THE first time Obamacare seemed finished, doomed, doornail-dead, the voters of Massachusetts played the would-be executioner. In January 2010, they sent a pickup-driving Republican to the Senate to fill Ted Kennedy’s seat, apparently depriving the health care bill of its crucial 60th vote and sending Democrats scrambling for a Plan B.
Except that Plan B turned out to be Plan A, thanks to the maneuverings of Harry Reid and Nancy Pelosi and the surprising stiffness of Democratic spines — and a bill that seemed undone by voter backlash went staggering across the legislative finish line instead.
The second time Obamacare seemed headed for an early grave, it was the conservative justices on the Supreme Court who were was going to see it off, by following through on their oral-argument inclinations and finding the individual mandate unconstitutional.
Except that Chief Justice John Roberts Jr. took the more politically cautious route instead — declining to overturn the mandate even though that’s where his analysis seemed to point, and finding a legal via media that kept the health care law limping toward implementation.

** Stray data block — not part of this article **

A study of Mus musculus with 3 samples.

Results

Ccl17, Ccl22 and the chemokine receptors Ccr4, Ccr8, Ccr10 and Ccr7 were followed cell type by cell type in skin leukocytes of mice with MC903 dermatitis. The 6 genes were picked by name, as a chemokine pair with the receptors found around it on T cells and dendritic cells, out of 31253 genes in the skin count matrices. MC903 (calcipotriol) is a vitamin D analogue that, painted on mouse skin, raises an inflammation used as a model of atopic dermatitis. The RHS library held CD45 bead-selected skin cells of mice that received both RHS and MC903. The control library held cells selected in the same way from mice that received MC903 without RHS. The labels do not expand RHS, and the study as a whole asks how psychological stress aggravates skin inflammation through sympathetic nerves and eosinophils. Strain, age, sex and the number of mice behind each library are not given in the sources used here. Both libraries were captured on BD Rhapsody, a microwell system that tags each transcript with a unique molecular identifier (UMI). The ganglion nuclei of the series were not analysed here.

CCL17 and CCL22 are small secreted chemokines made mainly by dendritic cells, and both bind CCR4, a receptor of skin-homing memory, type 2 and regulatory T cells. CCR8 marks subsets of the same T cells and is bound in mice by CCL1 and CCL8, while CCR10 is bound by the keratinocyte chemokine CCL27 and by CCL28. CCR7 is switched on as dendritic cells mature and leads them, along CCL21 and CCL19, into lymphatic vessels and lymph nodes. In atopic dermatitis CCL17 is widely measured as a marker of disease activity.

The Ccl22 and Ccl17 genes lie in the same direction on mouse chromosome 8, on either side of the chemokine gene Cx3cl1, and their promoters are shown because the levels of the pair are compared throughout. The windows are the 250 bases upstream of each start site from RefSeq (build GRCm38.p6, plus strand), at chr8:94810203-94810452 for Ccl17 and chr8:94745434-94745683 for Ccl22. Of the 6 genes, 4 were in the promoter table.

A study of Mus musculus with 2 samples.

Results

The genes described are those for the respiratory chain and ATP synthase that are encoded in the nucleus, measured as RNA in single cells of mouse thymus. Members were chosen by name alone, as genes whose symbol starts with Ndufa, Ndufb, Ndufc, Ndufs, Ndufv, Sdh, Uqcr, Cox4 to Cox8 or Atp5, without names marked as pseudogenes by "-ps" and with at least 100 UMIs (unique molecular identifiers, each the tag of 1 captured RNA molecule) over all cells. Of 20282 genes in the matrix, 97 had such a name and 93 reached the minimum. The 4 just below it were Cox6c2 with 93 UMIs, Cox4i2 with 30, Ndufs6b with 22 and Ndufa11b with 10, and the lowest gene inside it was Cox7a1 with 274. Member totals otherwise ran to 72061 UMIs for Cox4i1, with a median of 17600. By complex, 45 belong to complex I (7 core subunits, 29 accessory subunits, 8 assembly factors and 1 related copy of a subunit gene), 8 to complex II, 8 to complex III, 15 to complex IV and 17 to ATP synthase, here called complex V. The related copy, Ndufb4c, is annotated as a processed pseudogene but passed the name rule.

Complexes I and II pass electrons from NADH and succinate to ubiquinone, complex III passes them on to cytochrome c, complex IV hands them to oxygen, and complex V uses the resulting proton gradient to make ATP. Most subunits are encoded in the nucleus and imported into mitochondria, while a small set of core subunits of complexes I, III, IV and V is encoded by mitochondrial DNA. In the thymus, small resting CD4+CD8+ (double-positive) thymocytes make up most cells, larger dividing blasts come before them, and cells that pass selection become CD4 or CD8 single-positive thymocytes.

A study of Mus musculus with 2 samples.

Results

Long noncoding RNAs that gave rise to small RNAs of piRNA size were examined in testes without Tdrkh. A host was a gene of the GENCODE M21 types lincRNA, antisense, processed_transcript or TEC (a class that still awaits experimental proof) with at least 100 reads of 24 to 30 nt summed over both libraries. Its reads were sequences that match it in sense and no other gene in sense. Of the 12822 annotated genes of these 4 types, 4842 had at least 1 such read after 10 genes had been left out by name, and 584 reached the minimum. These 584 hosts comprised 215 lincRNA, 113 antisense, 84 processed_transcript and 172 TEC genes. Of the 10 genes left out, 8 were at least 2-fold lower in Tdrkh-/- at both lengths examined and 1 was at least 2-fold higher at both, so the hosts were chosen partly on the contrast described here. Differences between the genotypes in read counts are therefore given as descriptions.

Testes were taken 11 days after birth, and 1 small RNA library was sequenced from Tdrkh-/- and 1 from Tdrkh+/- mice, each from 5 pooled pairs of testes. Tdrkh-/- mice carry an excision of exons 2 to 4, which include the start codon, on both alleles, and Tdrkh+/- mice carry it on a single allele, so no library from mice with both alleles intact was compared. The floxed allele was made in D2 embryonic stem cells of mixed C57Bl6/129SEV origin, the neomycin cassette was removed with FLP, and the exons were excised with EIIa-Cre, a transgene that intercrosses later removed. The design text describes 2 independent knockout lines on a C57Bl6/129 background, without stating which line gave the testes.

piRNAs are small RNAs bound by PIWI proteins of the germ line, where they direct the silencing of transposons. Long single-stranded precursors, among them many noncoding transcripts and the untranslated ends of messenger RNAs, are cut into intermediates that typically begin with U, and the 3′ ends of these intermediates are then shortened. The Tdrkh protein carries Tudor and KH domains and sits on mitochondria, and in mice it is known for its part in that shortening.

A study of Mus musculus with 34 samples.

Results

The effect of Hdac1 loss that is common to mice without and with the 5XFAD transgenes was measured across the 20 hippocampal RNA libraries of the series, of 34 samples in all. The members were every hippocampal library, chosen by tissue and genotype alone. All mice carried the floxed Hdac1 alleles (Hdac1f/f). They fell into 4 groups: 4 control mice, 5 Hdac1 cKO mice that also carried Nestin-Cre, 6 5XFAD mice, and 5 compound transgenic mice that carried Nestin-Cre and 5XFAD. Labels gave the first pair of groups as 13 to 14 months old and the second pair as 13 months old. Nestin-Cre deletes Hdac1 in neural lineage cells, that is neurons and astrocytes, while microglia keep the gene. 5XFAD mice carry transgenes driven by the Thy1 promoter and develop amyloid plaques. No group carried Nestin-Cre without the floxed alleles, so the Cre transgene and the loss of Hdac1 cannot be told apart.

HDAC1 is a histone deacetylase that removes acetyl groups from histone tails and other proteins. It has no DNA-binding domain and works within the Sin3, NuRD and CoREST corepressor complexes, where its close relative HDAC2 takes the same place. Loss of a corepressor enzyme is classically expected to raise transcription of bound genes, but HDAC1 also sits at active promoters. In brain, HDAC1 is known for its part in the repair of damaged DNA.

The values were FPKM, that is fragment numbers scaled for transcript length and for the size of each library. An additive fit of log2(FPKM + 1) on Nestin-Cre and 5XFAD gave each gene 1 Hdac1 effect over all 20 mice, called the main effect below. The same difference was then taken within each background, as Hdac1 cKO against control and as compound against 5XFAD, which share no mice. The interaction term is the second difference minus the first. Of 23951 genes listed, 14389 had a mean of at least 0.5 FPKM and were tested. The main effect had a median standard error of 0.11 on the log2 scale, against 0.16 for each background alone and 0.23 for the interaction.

Now we’ve reached Obamacare’s third near-death experience, and if the law actually goes down this time there will be a lot of fingerprints on the murder weapon: Kathleen Sebelius and her hapless crew of Internet engineers; the voters infuriated at being thrown from their existing coverage into the not-really-working exchanges; panicking Congressional Democrats and gleeful Congressional Republicans; the media, long favorably disposed to the project but now scenting second-term blood; and of course the president himself, whose “noble lie” that everyone could keep their coverage has made the backlash that much worse.